Boy lying down on the floor reading a book
Understanding story elements are important skills in both reading and writing. In lower graders, we often use the words beginning, middle, and end. We even briefly talk about describing the characters. But in upper elementary, we need our students to begin understanding that there is MORE than just these simple words. What is rising action? What is the climax of a story? What is the falling action? Help your students practice identifying each of these elements while using mentor texts!
If you are interested in snagging any of these books, click the picture to find it on Amazon. 
Mentor Text with text "The Night I Followed the Dog" and Graphic Organizer with text "Story Elements"

The Night I Followed the Dog

Have you ever wondered what your dog does while you are sleeping? When this young boy follows his dog, he learns so much that he never knew! This story has a great plot structure that allows you to show students the components that all great stories should include.
Mentor Text with text "The Potato Chip Champ" and Graphic Organizer with text "Story Elements"

The Potato Chip Champ

The baseball team has a new player, Walter. Everyone loves Walter. Well, everyone loves him, expect Champ. Champ can’t seem to figure out why everyone loves Walter so much.

When Champ hurts himself and Walter steps in his place, you can image the jealousy and problems that this creates. Will a simple act of kindness change the course of their friendship? It’s possible! The Potato Chip Champ is a great example of a story with a good plot structure that will help your students see each component, such as the introduction, rising action, climax, falling action, and conclusion.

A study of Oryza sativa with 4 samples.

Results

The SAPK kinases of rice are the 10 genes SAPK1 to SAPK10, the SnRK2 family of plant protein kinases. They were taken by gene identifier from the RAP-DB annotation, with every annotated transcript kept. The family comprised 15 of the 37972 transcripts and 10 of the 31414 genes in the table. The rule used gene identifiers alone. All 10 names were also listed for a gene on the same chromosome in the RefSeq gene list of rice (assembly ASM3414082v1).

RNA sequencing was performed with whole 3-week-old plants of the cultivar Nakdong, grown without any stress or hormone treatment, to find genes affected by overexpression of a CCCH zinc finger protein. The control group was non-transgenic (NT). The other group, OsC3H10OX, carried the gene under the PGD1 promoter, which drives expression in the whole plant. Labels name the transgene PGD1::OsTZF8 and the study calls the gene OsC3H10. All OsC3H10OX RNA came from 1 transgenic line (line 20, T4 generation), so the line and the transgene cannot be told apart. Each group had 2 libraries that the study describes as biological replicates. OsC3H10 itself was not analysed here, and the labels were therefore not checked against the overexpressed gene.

Mentor Text with text "Henry's Freedom Box" and Graphic Organizer with text "Story Elements"

Henry’s Freedom Box

In this real-life story of Henry’s experience with the Underground Railroad, your students can practice finding the elements that should be included in a story. Henry, desperate to escape slavery, mails himself to freedom. Will he make it?
Mentor Text with text "Grandpa's Teeth" and Graphic Organizer with text "Story Elements"

Grandpa’s Teeth

Where are Grandpa’s Teeth?! This is a story with a clear problem and a great example of a plot. Plus, the conclusion is PERFECT!

At the beginning of this story, Grandpa realizes that his teeth are missing. They search the house. They call the police. They check out teeth from people all over the community. No one can find Grandpa’s teeth. At the end of the book, the mayor gives Grandpa a new set. Forget finding that old set. Once you finish the book, you’ll laugh out loud when you see who has the set of teeth…or at least I did! 🙂

Click here for your FREE Mentor Text Cheat Sheet!

Do you love mentor texts as much as I do? Have trouble organizing them all?

Do you want to use mentor texts but you don’t know where to start?

I have a FREE Mentor Text Cheat Sheet for you! In this Google Sheet, you’ll find MY list of Mentor Texts and the reading skills that I use them to teach. You can add your own books, sort by author or reading skills, find shortcuts to my blog posts, AND

>>>my favorite feature<<<
>>>cue the drum roll, please<<<

Choose from a dropdown menu to show where you can find the book. For example, I use a boatload of mentor texts in my reading instruction. I can’t afford to buy them all. I find some in our school library, the local library, borrow from my teacher friends, and SOME of them, I do own!

Using the dropdown menu, you can easily remind yourself where you can find your mentor text when you need it! Click the image above OR click here to grab it.